Everyone with a Twitter account agrees about the expulsion of Bury Town from the Football League. Something must be done!
Fans, MPs and journalists want:
tougher rules about club owners
more monitoring to stop clubs being run badly
spread the money around more fairly
oh, and an independent inquiry
and, um, give more power to fans.
Forgive me for not joining the chorus. You see, I was saying all this nearly three decades ago. I believe I was actually the clever clogs who coined the term “the blazers” to deride the old duffers running the game.
But what I thought and spouted then was arrant tosh – just as most of what has been written and broadcast about Bury (and Bolton), and 99 per cent of the chuntering on Twitter, is glib nonsense.
Let’s go through that list of what everyone thinks should be done to stop another Bury happening:
Tougher rules about owners.
The EFL’s much-mocked owners’ and directors’ test (formerly known as the “fit and proper person test”) is a 4,000-word document. It is comprehensive and stringent. It is far tougher than, for instance, the similar test applied by the Charity Commission to people who run charities.
Steve Dale, cast as the villain in the Bury story, would have been stopped from buying the club for a quid in December 2018 if the test had been applied. But the EFL didn’t know about Dale’s purchase of Bury until it had happened.
And if the EFL had blocked his takeover retrospectively, Bury would have gone out of business straight away. He was only able to buy the club because it was teetering on the brink of bankruptcy.
I understand why people want to believe that the EFL leadership and staff are all useless – because if that were true, it would be easy to solve the problem of failing football clubs: just get better folk in at the EFL.
I used to think all football administrators were senile, but I have come to understand that I was being extraordinarily arrogant. The folk I got to know at the EFL are good people. None of them is stupid or indolent. I couldn’t do better than them, and neither could any of those demanding: “Something must be done!”
More monitoring of clubs to stop them being run badly.
Stewart Day, the Bury owner before Dale, did some good things at Bury. He tried hard, for instance, to develop their academy. But his building business ran into trouble and he had no money left to put into his other failing business: 134-year-old Bury FC.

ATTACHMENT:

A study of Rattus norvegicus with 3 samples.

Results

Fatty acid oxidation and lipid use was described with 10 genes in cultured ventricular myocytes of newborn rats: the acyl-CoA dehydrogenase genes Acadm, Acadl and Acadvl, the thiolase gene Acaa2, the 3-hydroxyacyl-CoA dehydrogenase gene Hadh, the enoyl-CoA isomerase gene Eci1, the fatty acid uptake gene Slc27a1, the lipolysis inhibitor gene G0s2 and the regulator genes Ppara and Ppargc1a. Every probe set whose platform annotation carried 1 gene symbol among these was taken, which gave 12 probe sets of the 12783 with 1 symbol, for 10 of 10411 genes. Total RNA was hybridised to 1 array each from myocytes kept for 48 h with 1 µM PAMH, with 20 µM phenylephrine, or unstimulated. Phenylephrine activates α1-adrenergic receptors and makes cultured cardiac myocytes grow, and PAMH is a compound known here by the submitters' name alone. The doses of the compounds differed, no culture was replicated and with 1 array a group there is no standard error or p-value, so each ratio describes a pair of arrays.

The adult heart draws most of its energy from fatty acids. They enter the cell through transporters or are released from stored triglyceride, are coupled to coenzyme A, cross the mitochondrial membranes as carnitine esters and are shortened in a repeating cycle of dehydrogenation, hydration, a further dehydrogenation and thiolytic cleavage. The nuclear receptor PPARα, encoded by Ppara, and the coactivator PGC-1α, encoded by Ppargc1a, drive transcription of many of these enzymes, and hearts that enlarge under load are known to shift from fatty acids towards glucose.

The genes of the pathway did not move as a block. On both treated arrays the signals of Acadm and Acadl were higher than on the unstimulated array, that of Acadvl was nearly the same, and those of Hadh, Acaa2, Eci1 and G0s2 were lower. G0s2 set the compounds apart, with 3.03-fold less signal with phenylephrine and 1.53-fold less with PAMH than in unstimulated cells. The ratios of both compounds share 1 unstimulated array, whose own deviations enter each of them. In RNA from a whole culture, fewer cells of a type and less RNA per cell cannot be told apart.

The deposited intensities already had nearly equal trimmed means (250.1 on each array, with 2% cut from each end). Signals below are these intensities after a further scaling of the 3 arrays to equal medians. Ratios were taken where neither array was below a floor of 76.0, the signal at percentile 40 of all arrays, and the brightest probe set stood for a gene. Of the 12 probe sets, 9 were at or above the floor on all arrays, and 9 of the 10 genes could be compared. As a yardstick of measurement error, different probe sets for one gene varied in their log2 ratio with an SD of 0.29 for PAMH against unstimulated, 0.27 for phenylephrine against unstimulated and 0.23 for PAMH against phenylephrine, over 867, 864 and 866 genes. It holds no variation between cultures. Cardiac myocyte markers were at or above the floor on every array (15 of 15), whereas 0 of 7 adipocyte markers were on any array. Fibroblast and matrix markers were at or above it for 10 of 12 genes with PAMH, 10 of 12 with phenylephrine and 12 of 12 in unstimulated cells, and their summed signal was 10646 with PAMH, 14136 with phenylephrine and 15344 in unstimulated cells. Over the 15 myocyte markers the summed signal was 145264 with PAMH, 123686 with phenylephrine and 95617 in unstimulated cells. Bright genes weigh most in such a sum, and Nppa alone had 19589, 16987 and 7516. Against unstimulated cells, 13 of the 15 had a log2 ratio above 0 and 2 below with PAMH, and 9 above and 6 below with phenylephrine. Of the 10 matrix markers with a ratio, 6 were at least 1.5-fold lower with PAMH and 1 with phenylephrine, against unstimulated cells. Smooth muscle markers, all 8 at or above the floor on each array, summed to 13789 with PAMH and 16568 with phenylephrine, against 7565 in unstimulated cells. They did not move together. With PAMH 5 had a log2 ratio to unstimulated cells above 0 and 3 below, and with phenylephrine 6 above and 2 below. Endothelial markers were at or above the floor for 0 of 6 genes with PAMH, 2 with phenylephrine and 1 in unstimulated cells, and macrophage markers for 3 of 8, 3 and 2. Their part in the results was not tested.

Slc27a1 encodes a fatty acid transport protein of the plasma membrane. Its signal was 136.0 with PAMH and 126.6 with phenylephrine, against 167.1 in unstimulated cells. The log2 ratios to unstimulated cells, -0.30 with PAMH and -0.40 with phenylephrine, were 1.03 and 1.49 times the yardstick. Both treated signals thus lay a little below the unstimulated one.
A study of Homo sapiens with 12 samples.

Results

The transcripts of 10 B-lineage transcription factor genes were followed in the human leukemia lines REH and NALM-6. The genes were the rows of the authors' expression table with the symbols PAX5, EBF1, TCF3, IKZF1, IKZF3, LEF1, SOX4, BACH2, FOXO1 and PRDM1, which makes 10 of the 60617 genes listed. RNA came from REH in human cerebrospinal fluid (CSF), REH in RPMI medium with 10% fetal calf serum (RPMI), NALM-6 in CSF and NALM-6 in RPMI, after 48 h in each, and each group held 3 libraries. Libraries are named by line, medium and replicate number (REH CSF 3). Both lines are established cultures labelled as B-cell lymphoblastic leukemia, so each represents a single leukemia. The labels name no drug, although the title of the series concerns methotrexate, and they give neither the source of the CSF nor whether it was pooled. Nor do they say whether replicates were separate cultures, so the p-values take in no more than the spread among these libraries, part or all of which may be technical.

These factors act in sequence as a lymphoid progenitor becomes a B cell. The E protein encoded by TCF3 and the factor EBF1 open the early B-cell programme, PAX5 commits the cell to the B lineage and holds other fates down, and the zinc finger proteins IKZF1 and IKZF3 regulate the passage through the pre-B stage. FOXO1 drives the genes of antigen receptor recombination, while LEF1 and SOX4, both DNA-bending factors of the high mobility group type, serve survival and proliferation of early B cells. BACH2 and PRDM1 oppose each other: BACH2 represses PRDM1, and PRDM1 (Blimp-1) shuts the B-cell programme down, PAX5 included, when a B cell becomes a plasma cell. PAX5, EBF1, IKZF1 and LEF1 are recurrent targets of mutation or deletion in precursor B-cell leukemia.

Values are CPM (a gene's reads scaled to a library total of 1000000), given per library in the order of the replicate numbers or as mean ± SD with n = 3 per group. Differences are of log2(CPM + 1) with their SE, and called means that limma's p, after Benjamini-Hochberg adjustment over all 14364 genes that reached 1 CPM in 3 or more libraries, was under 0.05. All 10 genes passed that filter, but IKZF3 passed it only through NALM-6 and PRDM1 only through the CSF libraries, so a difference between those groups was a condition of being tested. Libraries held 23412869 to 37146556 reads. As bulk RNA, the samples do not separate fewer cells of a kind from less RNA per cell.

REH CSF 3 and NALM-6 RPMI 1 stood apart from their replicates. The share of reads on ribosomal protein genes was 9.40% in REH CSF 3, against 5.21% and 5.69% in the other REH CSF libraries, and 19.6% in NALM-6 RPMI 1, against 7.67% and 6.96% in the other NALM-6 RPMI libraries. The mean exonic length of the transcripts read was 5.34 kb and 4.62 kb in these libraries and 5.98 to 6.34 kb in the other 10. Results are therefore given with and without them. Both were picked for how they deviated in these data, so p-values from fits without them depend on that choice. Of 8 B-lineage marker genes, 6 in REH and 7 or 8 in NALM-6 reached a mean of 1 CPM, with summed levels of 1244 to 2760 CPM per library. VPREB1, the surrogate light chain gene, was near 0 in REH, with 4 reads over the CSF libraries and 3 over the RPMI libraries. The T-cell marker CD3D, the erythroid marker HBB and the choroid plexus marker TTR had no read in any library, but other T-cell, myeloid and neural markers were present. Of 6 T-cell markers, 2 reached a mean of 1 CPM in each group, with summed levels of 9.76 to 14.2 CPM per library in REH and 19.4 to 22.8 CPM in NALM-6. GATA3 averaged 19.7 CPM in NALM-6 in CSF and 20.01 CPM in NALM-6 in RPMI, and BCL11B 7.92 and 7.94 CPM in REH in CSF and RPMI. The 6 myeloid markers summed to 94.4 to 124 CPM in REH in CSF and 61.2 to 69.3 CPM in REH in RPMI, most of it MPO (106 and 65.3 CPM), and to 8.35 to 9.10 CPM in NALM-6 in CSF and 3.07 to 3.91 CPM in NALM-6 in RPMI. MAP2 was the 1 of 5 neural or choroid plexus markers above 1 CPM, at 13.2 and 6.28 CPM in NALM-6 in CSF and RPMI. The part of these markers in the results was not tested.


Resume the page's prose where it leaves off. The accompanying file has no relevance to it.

So he used the club’s stadium, Gigg Lane, as surety against loans for the club. It was a desperate move, but it was neither uncommon nor illegal. And how else could he raise money for the club? He couldn’t borrow against future ticket sales, because crowds were so miserably low.
Bury didn’t publish their accounts after May 2017. That was against EFL rules and against company law.
But if the EFL had stepped in and punished Bury – by docking points or imposing a transfer embargo – they would have hastened the club’s demise.
The Bury story isn’t about a failure of monitoring. It’s about a company failing to comply with monitoring procedures and then just failing.
Spread the money about more fairly.
There is a superficial appeal in the idea that some of the dosh sploshing about in the Premier League should be used to save clubs like Bury.
But the rules of both the EPL and the EFL prevent clubs from giving each other money – and for good reason. If, say, Manchester City were to give Bury a few million, that would be palpably unfair to other clubs in League Two. And it would encourage other chairmen to spend irresponsibly if they thought a wealthy neighbour might bale them out.
In fact, Manchester City did try to help. They let Bury use their old training facilities at Carrington for a peppercorn rent.
An independent inquiry.
There will be one. I expect a Parliamentary Committee will huff and puff with self-righteous indignation. Perhaps some good ideas will emerge. Perhaps not.
But no inquiry will find an answer to the underlying issue, which is this: companies sometimes go under.
Give more power to the fans.
Hmm. Let’s think how that worked out at Notts County. The supporters’ trust saved the day when County went into administration in 2003. They ended up with 60 per cent of the shares. Six years later they sold them to Quadak Investments for £1. Sven Goran Erikson was appointed manager, Sol Campbell signed, and there was a plan to be in the Premier League in five seasons. The trust did their due diligence, and were persuaded that Quadak were backed by Middle Eastern royalty.
They weren’t. So NCFC didn’t make it to the Premier League. They went into the Conference instead, all because the supporters’ trust had allowed themselves to dream.
And so what is the answer? What is the something that needs to be done?
Well, this week I got into a small twitter spat with a Villa fan (as you do).
Immodest as ever, I invite you to read our exchange:
Him: A Premier League team losing to a League 2 team is an embarrassment.
Me: Nope. I’m still enjoying winning the EFL at your place. Tonight was a run out for our resssies.
Him: And when this season ends, your club will be back where they belong in the Championship while we will remain among the elite. Spending a ludicrous £1m after being promoted, small club mentality that is.
Me: How tragic, as football mourns Bury, that you measure ‘ambition’ by the amount of dosh a club spaffs up the wall. Tell Bury fans that this morning. #ncfc ambition is to show the game doesn’t have to be like that. Invest in kids and coaching: harder and braver but infinitely better.